Rita Carter’s discussion of consciousness in 2002 compares with William James’s in 1890 in a way in which both authors address our conscious state of mind. Carter and James mentions that our minds are always working, providing examples of how our minds interact with the environment. As humans our minds go through different classes. For example people can go from loving, hating, willing, reasoning, and many other states. Our conscious state of mind, according to the authors also provide us with various feelings.
In James’s account, Mr. Shadworth describes his conscious state of mind mentioning that his conscious state of mind provided him with several feelings. Therefore he does not rely on his conscious state of mind to provide him with facts. Both authors describe how our conscious state of mind is never the same, which is the reason why objects that are the same will not give us the same sensation over again.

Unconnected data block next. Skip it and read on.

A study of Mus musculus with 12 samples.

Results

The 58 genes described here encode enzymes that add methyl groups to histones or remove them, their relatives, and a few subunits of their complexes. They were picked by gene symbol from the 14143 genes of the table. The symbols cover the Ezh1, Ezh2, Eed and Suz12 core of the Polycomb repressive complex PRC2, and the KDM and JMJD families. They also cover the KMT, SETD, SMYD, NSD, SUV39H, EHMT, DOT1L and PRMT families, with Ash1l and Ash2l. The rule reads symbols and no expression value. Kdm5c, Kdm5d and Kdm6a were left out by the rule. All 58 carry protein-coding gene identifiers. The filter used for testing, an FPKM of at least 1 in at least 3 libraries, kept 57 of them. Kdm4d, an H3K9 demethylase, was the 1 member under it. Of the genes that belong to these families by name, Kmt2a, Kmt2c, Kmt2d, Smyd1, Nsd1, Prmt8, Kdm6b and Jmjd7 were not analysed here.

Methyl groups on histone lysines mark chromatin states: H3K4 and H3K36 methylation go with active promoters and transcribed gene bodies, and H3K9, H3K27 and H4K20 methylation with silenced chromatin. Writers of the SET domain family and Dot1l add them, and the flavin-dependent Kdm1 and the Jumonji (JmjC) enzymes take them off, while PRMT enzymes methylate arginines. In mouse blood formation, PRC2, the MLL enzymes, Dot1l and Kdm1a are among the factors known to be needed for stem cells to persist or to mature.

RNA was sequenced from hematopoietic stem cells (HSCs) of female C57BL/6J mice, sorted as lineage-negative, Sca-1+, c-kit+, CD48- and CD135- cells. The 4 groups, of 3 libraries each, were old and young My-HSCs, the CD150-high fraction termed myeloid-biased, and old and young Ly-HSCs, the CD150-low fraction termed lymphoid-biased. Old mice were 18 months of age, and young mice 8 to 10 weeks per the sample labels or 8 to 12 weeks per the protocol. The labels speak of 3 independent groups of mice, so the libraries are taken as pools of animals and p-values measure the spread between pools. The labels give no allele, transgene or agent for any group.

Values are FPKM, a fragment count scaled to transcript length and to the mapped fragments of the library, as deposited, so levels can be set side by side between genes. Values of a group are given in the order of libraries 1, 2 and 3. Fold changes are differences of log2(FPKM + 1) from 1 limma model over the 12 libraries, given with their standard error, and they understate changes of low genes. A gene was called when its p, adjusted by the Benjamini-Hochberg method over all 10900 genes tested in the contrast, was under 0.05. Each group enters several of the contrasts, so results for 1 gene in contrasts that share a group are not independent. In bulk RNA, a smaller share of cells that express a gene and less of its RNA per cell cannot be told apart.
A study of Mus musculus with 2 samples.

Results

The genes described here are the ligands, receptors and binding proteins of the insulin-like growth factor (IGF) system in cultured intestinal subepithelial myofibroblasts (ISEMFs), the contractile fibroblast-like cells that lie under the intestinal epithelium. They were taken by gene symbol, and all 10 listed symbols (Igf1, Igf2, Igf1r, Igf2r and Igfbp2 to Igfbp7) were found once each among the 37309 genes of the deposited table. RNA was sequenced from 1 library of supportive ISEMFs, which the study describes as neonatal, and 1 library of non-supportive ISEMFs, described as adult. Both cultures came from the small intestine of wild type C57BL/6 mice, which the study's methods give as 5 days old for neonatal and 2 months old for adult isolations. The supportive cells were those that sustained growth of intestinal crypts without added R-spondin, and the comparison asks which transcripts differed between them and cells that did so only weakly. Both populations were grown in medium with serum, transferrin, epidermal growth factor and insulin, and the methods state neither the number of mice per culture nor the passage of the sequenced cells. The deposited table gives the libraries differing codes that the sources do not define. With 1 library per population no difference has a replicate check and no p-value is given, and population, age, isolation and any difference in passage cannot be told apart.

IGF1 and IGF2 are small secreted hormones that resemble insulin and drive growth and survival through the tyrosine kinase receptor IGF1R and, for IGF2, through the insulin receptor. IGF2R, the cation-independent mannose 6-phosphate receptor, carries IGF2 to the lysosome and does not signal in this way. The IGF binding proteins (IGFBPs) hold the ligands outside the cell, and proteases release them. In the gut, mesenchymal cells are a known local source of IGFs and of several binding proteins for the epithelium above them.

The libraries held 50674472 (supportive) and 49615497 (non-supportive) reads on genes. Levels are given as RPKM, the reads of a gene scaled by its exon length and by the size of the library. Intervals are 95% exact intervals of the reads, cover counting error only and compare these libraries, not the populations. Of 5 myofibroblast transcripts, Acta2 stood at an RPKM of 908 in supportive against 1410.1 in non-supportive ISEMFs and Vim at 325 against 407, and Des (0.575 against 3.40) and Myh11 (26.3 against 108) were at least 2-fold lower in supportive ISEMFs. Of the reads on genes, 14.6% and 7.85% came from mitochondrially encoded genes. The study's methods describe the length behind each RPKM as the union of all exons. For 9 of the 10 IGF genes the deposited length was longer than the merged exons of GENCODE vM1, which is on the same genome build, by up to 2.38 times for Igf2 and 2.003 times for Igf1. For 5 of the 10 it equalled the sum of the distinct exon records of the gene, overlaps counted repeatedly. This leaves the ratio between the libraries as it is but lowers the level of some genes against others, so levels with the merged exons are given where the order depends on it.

Rita Carter’s explores our conscious state in more depth. She reveals various abilities our conscious state has. For example, in her article “Exploring Consciousness” she introduces a concept known as the “blindsight.” This concept discusses ways in which people use their senses to provide them with answers; when they are not conscious. “Blindsight” implies that that when we are conscious, we are still not aware of everything even though it appears that we are because we are awake.
The visual perception according to Carter limits us. The way we see, only allows us to capture a inadequate information. Therefore we miss out on details that are present (Cater 12).